Massachusetts may have Legalized Marijuana Retail Sales, but that didn’t spell an end to the trouble surrounding the sale of the controversial substance. Most recently, Massachusetts’ Cannabis Control Commission has been grappling with intense political opposition from critics of marijuana’s legalization, but its chairman remains confident that marijuana sales will begin seamlessly on their scheduled July 11st target date.

Whether marijuana can be legally sold in retail stores has already been decided, but the specific regulations surrounding its sale remain anything but final; while Massachusetts’ Cannabis Commission has already rolled out preliminary rules, according to The Cannabist, there remains bitter contention over the specific language of the regulations that will govern sales.

Bitter contention over regulations

Currently, draft regulations assert that legislation governing the retail sales of marijuana could include provisions allowing such things as the home delivery of cannabis or consumption of marijuana on-site in stores, amidst other things, per the Berkshire Eagle. Opponents of legalized marijuana are seeking more stringent controls over its sale, however, and Steven Hoffman, chairman of the Cannabis Commission, is ready and willing to hear their feedback.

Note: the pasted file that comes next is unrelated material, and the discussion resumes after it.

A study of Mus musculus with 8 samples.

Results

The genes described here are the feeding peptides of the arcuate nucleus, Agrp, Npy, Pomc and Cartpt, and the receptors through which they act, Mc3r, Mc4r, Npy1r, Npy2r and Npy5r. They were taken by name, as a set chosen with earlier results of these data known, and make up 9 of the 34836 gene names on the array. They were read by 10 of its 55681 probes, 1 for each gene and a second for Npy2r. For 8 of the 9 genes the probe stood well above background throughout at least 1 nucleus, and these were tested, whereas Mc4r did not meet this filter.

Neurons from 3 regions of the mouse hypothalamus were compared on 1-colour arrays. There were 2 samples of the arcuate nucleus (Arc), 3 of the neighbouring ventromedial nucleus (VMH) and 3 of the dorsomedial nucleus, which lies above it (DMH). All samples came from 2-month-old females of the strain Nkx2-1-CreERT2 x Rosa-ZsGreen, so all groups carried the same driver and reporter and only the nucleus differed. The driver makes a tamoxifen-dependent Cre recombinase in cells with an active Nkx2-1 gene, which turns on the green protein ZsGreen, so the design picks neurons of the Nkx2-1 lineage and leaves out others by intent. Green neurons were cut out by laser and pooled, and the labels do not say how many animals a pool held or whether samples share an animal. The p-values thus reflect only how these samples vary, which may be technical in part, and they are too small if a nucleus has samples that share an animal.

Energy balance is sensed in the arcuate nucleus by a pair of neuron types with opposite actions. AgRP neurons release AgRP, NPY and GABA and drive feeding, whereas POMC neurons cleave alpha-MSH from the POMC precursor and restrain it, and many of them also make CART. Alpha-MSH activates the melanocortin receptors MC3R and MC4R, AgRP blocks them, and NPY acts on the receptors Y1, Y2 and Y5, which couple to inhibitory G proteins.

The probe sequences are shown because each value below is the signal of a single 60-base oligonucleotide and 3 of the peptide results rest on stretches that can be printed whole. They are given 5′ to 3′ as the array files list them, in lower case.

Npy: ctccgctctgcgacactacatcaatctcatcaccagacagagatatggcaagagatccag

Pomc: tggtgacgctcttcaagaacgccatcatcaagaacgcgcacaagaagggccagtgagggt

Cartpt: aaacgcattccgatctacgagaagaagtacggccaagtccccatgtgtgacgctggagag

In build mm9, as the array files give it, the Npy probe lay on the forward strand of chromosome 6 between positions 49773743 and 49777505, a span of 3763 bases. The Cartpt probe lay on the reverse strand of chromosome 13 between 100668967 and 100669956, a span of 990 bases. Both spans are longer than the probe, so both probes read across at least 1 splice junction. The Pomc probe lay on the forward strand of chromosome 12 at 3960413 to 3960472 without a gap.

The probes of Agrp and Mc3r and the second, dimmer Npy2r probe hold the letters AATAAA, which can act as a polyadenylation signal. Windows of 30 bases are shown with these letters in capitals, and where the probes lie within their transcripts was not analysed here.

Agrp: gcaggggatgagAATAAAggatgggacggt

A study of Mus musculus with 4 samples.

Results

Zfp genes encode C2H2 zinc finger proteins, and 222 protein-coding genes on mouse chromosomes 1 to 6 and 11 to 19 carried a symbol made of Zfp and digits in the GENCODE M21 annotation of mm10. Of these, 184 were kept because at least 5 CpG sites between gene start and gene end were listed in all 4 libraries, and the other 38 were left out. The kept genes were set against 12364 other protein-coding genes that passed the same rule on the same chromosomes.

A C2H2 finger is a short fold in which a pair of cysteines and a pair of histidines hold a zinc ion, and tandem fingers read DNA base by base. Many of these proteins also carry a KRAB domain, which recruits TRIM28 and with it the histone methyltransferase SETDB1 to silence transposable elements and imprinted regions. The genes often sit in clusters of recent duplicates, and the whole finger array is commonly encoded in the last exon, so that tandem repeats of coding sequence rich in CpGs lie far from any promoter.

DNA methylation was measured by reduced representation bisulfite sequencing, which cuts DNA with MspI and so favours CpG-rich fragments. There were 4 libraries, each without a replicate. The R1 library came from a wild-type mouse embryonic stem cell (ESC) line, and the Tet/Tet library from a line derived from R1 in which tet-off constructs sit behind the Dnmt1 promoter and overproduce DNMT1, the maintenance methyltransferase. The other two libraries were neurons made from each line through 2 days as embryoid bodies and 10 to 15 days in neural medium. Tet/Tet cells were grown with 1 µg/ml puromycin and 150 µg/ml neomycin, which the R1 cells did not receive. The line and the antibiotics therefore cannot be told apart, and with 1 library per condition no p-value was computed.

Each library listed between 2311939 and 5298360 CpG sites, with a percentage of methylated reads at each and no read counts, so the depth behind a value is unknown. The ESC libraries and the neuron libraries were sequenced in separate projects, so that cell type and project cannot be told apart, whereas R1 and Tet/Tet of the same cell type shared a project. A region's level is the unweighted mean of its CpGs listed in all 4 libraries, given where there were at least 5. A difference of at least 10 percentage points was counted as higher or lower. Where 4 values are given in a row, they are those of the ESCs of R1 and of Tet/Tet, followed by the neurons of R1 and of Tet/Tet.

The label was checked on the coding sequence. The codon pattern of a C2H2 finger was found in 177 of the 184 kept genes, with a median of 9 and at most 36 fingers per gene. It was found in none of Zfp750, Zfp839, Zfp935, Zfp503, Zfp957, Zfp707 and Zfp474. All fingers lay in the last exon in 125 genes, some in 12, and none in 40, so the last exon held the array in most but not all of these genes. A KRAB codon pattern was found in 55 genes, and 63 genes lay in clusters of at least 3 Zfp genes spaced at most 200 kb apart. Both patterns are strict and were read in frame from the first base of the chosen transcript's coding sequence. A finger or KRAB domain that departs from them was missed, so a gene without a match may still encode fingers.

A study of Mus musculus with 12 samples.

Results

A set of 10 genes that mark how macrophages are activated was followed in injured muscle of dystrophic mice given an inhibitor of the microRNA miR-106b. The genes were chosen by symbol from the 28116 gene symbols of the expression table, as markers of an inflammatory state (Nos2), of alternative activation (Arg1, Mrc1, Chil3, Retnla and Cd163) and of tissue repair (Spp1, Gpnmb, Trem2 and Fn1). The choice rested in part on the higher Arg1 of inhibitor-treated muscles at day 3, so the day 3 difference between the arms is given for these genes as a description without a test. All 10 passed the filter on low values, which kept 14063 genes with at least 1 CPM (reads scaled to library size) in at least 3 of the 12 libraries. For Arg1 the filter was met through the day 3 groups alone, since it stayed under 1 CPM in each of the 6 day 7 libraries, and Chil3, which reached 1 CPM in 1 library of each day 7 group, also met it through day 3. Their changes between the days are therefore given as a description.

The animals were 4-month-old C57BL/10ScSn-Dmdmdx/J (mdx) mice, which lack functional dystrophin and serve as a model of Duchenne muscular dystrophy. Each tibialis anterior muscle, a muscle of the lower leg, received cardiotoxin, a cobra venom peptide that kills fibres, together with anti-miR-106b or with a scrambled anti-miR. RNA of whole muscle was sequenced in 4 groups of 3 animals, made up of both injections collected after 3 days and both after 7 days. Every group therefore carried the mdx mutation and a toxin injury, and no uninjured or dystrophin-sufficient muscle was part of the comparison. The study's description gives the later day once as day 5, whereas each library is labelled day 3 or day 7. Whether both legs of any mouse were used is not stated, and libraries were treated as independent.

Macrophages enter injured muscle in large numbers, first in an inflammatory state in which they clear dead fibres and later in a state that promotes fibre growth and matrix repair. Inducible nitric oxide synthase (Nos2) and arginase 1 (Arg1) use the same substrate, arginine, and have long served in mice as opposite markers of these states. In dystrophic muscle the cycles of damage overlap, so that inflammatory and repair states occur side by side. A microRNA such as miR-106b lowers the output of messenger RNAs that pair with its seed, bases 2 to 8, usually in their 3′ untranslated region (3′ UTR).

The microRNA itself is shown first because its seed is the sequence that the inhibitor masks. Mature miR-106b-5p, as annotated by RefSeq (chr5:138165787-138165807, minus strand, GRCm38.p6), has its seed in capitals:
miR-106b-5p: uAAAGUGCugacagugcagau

"I think the process is working exactly the way it should, which is that we put our draft regulations out, we're getting feedback and comments from elected officials, from industry groups, from advocacy groups, and we're going to go and meet in public again," Chairman Hoffman told the Eagle, before going on to say his commission would be making further modifications to the draft regulations before submitting a finalized list to the public.

Critics fight on-site consumption

Critics of marijuana’s legalization may not be satisfied unless concrete results are curbing specific sales, as you see in Nevada when you visit a Las Vegas dispensary, are reached. However. Republican Governor Charlie Baker, for instance, has lobbied intensely against proposed “Cannabis Cafés” that would allow on-site consumption of the substance, for instance.

Licensing retail stores to allow on-site consumption may generate a lot of impaired drivers, the governor’s administration claimed, according to Leafly, and would present many regulatory issues. The Commission will be examining those and other claims and will have to contend with concerns from other local politicians, too.

State legislators haven’t hesitated to get involved in regulating Massachusetts’ cannabis laws, for instance, and commission members may need to expect additional changes to the law that set up the legalization of marijuana.

According to WBUR News, state legislators have already made changes to the voter-passed law, and aren’t against weighing in on the process again.

Massachusetts’ marijuana industry may yet grow into the billion-dollar industry its proponents are hoping to create, but residents of the Bay State shouldn’t expect major progress anytime soon. Until marijuana hits retail shelves on June 1st, residents can expect more deliberation surrounding and changes to Massachusetts’ cannabis laws.